Too Wet to Garden?

In theory it should never be too wet to garden in New Zealand. Water is a part of us all, our gardens need water, and our temperatures are rarely extreme. Rain is positively welcomed in the Moosey garden - or is it? Why is it then that gardening activities grind to a grumpy halt when it rains?

 New Patio Wisteria.
Too Wet

New Zealand is renowned for its outdoor clothing. There are, for example, goretex parkas of every shape and weight. So surely a gardener could dress appropriately for the rain - gumboots, thermal legs in the latest dry fabric, body warm in a breathable vest, etc.

Summer Rain

Some New Zealand cities, for example Auckland, are rumoured to get rain every day in summer. I can't see all the Auckland gardeners becoming house-bound, even if the magazines portray them as a bunch of minimalist courtyard dwellers and brazier burners. So they must garden in the wet, and relax on watery patios with their favourite gardening magazine...

 Oops - this gardening magazine is drenched!
Wet Patio

The biggest problem with the rain lies in the gardener's personal habits. If, like me, you enjoy a quick return to the kitchen to make a rewarding cup of tea, then you are in wet-weather trouble. It's not the moisture, you see, but the attendant mud - on knees, trousers, shirt sleeves, ready to ruin carpet and couch.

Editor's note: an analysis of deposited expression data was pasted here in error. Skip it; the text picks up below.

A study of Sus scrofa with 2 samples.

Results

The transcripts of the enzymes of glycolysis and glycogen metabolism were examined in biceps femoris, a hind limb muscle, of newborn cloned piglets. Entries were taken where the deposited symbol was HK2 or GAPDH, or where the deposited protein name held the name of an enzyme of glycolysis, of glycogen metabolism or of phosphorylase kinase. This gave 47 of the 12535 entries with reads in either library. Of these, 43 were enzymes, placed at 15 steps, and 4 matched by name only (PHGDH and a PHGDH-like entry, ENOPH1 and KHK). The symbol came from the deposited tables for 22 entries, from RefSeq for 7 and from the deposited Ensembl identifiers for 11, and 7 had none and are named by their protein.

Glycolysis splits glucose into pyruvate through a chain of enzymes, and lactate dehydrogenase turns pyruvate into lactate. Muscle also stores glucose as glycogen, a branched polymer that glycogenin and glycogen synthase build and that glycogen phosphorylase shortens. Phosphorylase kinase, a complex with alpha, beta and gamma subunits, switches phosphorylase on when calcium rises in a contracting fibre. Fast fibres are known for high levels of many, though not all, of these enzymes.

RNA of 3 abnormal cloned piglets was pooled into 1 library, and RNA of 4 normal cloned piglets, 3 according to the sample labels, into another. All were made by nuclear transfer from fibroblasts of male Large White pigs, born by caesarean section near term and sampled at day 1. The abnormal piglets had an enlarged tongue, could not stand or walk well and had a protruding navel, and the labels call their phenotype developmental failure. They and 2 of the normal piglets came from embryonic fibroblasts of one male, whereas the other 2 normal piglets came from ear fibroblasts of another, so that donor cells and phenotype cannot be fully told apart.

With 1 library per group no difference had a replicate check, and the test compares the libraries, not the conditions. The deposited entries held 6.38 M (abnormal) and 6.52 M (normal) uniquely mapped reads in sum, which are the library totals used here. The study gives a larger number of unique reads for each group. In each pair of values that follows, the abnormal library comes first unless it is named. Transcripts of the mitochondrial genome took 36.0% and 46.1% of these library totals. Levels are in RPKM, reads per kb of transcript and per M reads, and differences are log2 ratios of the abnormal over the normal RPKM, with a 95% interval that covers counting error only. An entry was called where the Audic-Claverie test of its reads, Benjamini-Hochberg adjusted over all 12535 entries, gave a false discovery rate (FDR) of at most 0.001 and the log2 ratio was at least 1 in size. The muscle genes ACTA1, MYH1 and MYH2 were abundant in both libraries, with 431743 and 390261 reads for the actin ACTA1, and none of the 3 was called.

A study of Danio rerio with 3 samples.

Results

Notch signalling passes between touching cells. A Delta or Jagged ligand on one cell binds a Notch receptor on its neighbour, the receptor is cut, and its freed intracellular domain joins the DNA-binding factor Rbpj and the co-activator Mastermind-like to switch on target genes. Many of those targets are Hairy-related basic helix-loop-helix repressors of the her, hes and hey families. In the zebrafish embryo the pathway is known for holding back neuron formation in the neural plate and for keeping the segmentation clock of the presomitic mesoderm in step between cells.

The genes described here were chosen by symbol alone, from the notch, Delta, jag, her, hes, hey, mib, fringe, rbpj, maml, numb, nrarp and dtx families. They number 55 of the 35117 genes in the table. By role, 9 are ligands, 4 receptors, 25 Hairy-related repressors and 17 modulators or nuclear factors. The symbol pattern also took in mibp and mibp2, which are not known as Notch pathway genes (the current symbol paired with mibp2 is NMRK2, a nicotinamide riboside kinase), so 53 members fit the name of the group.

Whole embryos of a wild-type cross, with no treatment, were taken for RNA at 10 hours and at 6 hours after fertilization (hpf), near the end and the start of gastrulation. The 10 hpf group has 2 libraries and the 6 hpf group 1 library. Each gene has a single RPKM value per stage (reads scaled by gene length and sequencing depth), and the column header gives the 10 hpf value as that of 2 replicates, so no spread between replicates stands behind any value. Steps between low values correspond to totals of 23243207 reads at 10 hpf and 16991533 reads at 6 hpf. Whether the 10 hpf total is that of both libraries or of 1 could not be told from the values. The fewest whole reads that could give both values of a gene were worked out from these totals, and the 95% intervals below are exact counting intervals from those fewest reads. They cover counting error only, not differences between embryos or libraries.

Wet Weather Gardening

Wet weather gardening becomes muddy gardening because many older gardeners like to get close and personal with their patches of dirt. We sit with our feet in the border, we kneel, crawl along to a new position, and sometimes recline at full length to get at a weed. We're not being spiritual and cosmic - it's simply easier to stay down there than be hopping up all the time like a young thing at an aerobics steps class.

 Some plants, like this Euphorbia, hold raindrops beautifully.
Wet Euphorbia

I wish I could order in the type of rain I want. It would be warm and windless. It would fall overnight, or on days when I had non-gardening commitments. It would be vertical. It would be strong enough to make a difference, and there'd always be strong sunshine and beautiful fat rainbows to follow. My tomatoes would love it, and show their gratitude by actually producing fruit.

The reality is somewhat different. O well, I'd better get changed out of these muddy clothes...


It's surprising how few photographs one takes of wet gardening - or is it?